Djibouti slapped with $385m bill for breach of port contract

The gist of the dispute is that the Djibouti government pulled out of the joint venture last year which notably included a 30-year concession to DP World to manage the port.


This week the London Court of International Arbitration ordered Djibouti to pay DCT $385 million plus interest for breach of DCT’s exclusivity by development of container facilities at Doraleh Multipurpose Terminal. DP World is a global port operator that was founded in 2005 by a merger of Dubai Ports Authority and Dubai Ports International.

Further damages are possible if the Djibouti develops a planned Doraleh International Container Terminal (DICT) with any other operator without the consent of DP World.

This now calls into question the legality of the Djibouti government’s subsequent deal with China Merchants Holdings International Company Limited for operating the much prized Doraleh Container Terminal. Although not a complete surprise, the ruling strengthens a growing view that China can arm twist countries that are highly indebted to Beijing.

Djibouti’s total debt is nearly 90 pc of its GDP and most of the money is owed to China. Getting the Doraleh facility into Chinese hands through China Merchants Holdings, was widely seen as a way to please a powerful creditor. Doraleh has been described as the most technologically advanced container terminal port on the African continent and would fit in well with China’s Belt and Road Initiative.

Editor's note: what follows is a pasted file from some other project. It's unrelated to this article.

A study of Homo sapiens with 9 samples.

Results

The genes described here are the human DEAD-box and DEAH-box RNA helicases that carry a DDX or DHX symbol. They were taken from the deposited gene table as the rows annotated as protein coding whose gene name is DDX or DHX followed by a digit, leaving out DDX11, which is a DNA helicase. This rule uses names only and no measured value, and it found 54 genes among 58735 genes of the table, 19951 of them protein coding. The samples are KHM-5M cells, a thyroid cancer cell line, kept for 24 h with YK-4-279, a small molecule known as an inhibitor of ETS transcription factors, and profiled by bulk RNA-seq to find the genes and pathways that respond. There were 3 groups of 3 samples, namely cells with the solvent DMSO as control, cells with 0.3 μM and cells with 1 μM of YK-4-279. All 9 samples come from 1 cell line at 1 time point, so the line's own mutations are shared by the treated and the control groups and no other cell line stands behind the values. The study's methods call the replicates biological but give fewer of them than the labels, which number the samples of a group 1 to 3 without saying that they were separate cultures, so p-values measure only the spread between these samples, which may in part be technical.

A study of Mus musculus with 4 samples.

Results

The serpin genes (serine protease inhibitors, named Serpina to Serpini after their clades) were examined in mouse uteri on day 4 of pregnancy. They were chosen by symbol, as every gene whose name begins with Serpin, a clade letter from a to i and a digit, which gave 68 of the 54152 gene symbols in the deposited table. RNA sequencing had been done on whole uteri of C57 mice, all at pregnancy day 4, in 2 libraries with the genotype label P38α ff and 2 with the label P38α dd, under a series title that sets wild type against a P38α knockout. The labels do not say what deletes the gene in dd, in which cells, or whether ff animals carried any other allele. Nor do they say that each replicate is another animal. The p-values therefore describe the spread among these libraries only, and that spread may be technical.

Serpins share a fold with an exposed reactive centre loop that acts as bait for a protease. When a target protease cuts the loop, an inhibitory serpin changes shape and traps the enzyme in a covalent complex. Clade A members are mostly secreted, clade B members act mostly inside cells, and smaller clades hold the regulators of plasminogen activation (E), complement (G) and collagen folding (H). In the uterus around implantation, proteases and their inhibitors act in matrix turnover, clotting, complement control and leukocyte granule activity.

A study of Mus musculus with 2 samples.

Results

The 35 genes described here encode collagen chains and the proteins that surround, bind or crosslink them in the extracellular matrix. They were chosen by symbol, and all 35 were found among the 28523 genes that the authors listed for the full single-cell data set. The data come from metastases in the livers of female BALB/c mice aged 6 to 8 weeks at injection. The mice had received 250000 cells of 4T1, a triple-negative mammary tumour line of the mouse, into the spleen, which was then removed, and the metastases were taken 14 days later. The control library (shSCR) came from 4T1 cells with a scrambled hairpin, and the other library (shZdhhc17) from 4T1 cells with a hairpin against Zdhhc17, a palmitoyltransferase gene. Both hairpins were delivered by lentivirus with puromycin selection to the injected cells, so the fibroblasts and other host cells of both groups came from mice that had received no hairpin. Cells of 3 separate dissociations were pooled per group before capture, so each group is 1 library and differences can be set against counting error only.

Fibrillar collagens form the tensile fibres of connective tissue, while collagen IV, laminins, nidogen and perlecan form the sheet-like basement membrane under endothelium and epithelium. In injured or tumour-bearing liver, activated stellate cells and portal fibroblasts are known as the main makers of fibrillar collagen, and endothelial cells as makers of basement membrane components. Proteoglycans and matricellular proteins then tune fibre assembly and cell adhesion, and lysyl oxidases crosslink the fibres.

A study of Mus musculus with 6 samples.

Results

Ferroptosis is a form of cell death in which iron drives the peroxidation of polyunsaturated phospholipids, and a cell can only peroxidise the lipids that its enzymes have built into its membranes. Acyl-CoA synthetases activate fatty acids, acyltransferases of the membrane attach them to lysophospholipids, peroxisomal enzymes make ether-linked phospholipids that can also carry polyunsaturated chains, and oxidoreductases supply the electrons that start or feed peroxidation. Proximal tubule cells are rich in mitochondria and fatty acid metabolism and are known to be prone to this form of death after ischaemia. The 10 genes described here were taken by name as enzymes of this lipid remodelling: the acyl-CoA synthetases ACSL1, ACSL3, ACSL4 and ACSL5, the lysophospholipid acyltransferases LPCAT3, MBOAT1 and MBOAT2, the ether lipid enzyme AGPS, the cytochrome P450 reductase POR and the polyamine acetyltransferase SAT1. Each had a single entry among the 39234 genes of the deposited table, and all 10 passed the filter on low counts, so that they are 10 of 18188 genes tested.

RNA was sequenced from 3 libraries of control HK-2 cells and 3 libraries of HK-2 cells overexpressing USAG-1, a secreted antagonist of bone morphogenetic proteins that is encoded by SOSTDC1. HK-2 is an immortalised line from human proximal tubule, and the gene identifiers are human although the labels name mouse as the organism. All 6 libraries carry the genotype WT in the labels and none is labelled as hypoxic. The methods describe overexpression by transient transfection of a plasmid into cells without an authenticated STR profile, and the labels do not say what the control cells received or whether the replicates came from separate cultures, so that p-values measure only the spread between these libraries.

The gist of the dispute is that the Djibouti government pulled out of the joint venture last year which notably included a 30-year concession to DP World to manage the port. Disagreements between the two venture partners had been brewing since 2014 after Djibouti authorities claimed DP World was involved in questionable business practices. Despite denials, DP World was soon told to vacate the terminal.

During the past year, DP World has sought legal redress both in London and Hong Kong where China Merchants Holdings International is domiciled.

The Tribunal has also ordered Djibouti to pay DCT $148 million for historic non-payment of royalties for container traffic not transferred to DCT once it became operational. Djibouti is also ordered to pay DCT’s legal costs.